Trump Opens Up In Sunday Interview: Cruz ‘Life In Politics Is Over’

US Senator Ted Cruz of Texas speaks on the third day of the Republican National Convention in Cleveland, Ohio, on July 20, 2016. / AFP / Timothy A. CLARY (Photo credit should read TIMOTHY A. CLARY/AFP/Getty Images)

Republican presidential nominee Donald J. Trump spoke to Mark Halperin, a host of The Circus, about his reflections on the Republican National Convention that ended Thursday in Cleveland, including the controversy surrounding the speech delivered by his rival, Sen. Ted Cruz (R-TX).

“In retrospect, I wish I would have waited another minute. Because he was being booed right off the stage,” Trump said aboard his private jetliner Friday heading back to New York City with Halperin, who hosts Showtime’s The Circus with John Heilemann and Mark Mckinnon.

Cruz, like other candidates who ran against Trump, was offered a speaking slot at the convention, but the Texas senator was the only speaker who did not endorse the Republican nominee. Cruz accepted the invitation for a 10-minute slot Wednesday before Indiana Gov. Mike Pence accepted the party’s vice presidential nomination.

The invitation came with no strings, other than that the Trump campaign got to look at the speech ahead of its delivery. But the speech did not sit well with delegates.

First, there was the natural irritation on the convention floor with Cruz’s drawn-out, slow-walk delivery. Second, delegates, themselves astute political animals, picked up on a pattern in which every time Cruz seemed to be winding up to say something nice about Trump — let alone endorse him — he would instead endorse “Freedom.” Cruz’s bait-and-switch rhetorical game fit into the final problem, which was that Cruz was not tracking the fact that over the first three days of the convention, the delegates had bonded with Trump.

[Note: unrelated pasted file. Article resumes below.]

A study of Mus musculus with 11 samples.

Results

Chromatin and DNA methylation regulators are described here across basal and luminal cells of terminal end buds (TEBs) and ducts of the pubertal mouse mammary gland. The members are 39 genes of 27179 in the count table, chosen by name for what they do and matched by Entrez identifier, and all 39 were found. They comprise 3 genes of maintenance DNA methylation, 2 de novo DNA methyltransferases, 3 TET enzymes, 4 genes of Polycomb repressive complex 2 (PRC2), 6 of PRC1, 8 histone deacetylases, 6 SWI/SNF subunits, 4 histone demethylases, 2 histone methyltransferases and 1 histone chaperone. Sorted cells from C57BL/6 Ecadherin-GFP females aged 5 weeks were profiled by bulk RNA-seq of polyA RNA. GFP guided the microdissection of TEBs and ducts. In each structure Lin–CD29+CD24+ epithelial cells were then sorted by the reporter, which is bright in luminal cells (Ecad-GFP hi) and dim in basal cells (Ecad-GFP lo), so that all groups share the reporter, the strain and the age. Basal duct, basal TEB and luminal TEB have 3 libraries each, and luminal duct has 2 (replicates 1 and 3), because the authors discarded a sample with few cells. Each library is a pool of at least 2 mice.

While Cruz was huddled with his staffers, consultants, funders and other courtiers, the convention had been doing its job, slowly and in fits, but nonetheless, the delegates listening to Cruz and enduring his smirks on the Jumbotron did not understand why he was there wasting their time, if he wasn’t going to join them in electing Trump.

It was a point Trump made to Halperin: “There’s great unity in the Republican Party, and people don’t know it.”

The boos and chants for Cruz to endorse Trump may have started in front with the New York delegation, which Cruz broke off from his speech to taunt, but it was heard all over the hall.

Halperin talked to the New York City developer about that moment he walked into his viewing box overlooking the arena as the booing and chants were reaching a crescendo.

“I walked in and the arena went crazy,” Trump said. “Life in politics may be over because people are so angry with him.”

Trump said he saved Cruz from further embarrassment as the delegates were turning on him live on national television. “Had I not walked in, I think that audience would have ripped him off the stage. I think I did him a big favor.”

The nominee said he debated with himself whether or not to allow Cruz to deliver his speech at all after he read it earlier Wednesday. “When I first read it, I said you know what, first of all, it’s not a very good speech. It’s not very exciting. Second of all, let’s throw him out.”

Taking away Cruz’s slot would have become the story, he said: “I said, you know, that’ll be a bigger deal if we throw him out than if he reads it and doesn’t endorse; what difference does it make?”

Cruz made a mistake, Trump asserted.

“His endorsement means nothing. But had he endorsed me, it would have been a good thing for him politically. By not endorsing, in my opinion, I think he hurt himself,” he said.

Trump spoke on other topics during the wide-ranging interview. The Republican nominee said it was “too bad” that his friend Roger Ailes was ousted from the helm of Fox News and that after the flap over his wife Melania’s convention speech, he made sure his own speech was scrubbed for possible similarities to other speeches.

As for the release of Trump’s tax returns, which the candidate said were still tied up with an IRS audit, Trump said he still could be make them public before the election.